I've found the biggest complaint people have with vista is they can't find things or things aren't organized exactly the same as it was in XP.
This is easily alleviated by the yet to be often used "search bar." Everything is index via the windows search indexer, so all your information is accessible by the search bar. I have little need to dig though menus, icons, and lists of options when I can simply type in a keyword or two and go straight to what I need. If you find it hard to remember how to spell words like "resolution" or "wallpaper," you can always try "display" instead.
The second complaint is people are really freaking out about the UI.
Aside from the glass look, the vista UI was specifically designed to address common issues and desires people had with the NT4/XP interface. Why do I say the NT4/XP interface? Because it hasn't fundamentally changed since NT4. There were some minor tweaks here and there between NT4, 2k and XP, but the basics are still the same. With the edition of things like the search bar (a long beloved feature of OSX), details in the real time update of on screen information with details available at a glance (a feature that excels even OSX's functionality), and the scalable vector based screen elements themseleves, the new Vista UI rivals, and in my opinion exceeds, the usefulness of OSX. Not to say that the new UI is without fault (some instances of inconsistency in layouts, resource requirements), but the more I work with it, the more I hate going back to an XP desktop's UI.
But if you really prefer the look and feel of 2k and want to organize everything the way you want it exactly,
Just note that Vista is not targeted towards you anyways. It's targeted for the average Joe who does care about the look, who does care about the neat tools available, and who does make up the vast majority of the market share.
Console mode? As in no GUI and a command prompt only? I'm not sure (as I've never even done that with XP) but I would guess it's available via the same options and configuration steps. Vista's options are fairly similar to XPs for a lot of things. I personally use RDP for my remote access needs. Works 3x as fast as VNC.
Personally, I've been trying to break myself of the habit of opening a cmd window to do things faster via typing than using a mouse.
On one final note, concerning the costs of Vista due to the DRM implementations....
I love how the people bitch about Vista's built in DRM system which 1) eats resources, 2) restricts access, 3) disables functionality, 4) blah blah blah blah blah.......
Yes..it is all (generally) true. But is Vista having a DRM really to blame? Do you think they would care to implement a DRM if they didn't have to? Who do you really think is behind everything that is DRM related? It sure as hell isn't the people who are making the applications who play the media.....Do you really think Linux is going to be able to play all your DRM'ed media once DRM is 100% active?
Taken from the (highly biased) anti Vista article referenced above....
The only reason I can imagine why Microsoft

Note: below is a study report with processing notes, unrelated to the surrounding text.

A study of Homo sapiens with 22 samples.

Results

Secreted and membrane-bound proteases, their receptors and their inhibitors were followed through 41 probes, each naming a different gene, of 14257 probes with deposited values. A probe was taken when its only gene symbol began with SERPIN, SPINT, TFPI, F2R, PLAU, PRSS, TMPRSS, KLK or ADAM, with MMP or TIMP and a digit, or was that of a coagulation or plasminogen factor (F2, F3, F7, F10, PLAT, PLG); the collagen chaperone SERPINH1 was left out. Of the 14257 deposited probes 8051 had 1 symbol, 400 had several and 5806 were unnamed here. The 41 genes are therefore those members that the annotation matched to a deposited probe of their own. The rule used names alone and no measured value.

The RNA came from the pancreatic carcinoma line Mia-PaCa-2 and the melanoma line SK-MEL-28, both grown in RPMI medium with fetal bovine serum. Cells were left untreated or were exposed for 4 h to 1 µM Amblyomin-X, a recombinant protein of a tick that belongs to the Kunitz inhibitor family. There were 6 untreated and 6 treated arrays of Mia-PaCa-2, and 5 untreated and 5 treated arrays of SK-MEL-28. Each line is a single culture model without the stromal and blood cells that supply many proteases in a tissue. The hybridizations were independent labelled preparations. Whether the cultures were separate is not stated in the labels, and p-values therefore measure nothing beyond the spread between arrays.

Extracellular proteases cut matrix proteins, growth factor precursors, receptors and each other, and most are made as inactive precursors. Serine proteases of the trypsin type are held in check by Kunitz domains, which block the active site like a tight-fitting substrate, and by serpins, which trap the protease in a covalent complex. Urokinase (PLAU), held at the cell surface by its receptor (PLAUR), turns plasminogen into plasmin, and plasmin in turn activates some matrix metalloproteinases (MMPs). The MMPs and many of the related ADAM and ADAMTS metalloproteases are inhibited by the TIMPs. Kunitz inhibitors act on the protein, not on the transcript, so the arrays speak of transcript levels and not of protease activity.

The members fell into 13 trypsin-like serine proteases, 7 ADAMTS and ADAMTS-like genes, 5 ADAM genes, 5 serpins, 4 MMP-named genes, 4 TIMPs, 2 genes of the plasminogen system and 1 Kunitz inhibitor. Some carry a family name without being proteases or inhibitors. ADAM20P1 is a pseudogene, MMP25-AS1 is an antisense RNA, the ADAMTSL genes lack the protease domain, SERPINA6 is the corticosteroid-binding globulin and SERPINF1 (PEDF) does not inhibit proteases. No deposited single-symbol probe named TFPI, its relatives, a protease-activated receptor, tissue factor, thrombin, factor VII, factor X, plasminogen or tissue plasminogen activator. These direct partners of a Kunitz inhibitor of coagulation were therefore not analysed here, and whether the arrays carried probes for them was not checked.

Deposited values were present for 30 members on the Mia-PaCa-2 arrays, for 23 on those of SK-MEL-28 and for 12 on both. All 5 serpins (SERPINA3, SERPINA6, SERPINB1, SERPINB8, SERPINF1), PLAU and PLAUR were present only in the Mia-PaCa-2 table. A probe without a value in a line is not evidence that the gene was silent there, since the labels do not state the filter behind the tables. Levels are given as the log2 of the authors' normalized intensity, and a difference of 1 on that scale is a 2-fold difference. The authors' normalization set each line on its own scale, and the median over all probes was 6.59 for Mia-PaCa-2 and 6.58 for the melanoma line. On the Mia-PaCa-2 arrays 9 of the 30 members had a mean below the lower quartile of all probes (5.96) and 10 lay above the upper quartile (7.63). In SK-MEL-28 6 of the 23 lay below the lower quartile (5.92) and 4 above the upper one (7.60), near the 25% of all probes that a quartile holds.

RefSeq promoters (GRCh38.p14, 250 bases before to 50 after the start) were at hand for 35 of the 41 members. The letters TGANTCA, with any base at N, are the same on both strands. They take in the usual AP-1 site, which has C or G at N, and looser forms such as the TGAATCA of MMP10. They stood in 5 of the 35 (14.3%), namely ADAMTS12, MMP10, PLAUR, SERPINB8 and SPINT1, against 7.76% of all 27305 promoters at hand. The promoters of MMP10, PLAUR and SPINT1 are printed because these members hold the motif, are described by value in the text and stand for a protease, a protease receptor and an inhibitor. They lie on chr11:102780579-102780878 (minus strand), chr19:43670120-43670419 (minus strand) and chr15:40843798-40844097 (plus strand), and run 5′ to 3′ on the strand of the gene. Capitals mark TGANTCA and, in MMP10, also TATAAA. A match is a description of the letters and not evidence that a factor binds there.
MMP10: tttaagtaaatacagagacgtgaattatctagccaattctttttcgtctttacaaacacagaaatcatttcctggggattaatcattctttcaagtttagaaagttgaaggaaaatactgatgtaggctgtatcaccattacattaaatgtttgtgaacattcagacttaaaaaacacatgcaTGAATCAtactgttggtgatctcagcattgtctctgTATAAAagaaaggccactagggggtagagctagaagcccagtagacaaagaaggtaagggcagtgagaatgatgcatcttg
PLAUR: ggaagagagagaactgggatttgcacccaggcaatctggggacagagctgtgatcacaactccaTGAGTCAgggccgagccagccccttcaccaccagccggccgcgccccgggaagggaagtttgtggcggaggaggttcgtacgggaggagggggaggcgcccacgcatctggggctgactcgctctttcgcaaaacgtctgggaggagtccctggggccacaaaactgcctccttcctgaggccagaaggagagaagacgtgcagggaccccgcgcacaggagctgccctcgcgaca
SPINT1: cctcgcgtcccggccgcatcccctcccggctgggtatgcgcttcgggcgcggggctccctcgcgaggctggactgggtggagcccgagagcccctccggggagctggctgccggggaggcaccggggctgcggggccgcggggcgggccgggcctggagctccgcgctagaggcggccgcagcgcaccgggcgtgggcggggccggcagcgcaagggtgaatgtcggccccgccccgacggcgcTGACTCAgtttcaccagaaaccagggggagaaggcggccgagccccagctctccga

would put its programmers, device vendors, third-party developers, and
ultimately its customers, through this much pain is because once this copy
protection is entrenched, Microsoft will completely own the distribution
channel. In the same way that Apple has managed to acquire a monopolistic
lock-in on their music distribution channel (an example being the Motorola
ROKR fiasco, which was so crippled by Apple-imposed restrictions that it was
dead the moment it appeared), so Microsoft will totally control the premium-
content distribution channel. Not only will they be able to lock out any
competitors, but because they will then represent the only available
distribution channel they'll be able to dictate terms back to the content
providers whose needs they are nominally serving in the same way that Apple
has already dictated terms back to the music industry: Play by Apple's rules,
or we won't carry your content.
What kind of retarded company would not see that in this age of high capacity digital media where the content providers rule, that you must attempt to comply with their needs to get their product. This is a consumerist society who enjoys entertainment. With the increasing imposition of DRM over media, companies are having little choice but to comply or fail. See the noted Motorola ROKR example for a prime example! Good grief, if it wasn't for the success of Apple's iTunes demonstrating that DRM'ed media can be accepted in the public market, content providers probably wouldn't have such a strong pro DRM argument to begin with.
Here's an offer to Microsoft: If we, the consumers, promise to never, ever,
ever buy a single HD-DVD or Blu-Ray disc containing any precious premium
content [Note K], will you in exchange withhold this poison from the computer
Honestly, they probably would... But here in the real world, Microsoft is a business, and in order to do business in the real world, you have to do business with those who supply and those who buy. And when those who buy want what those who supply supplies, if you want to survive you need to find a compromise between the two. Sadly in this situation, those who buy are not willing to wield their power over those who supply, resulting in the business needing to cater more to those who supply than those who buy.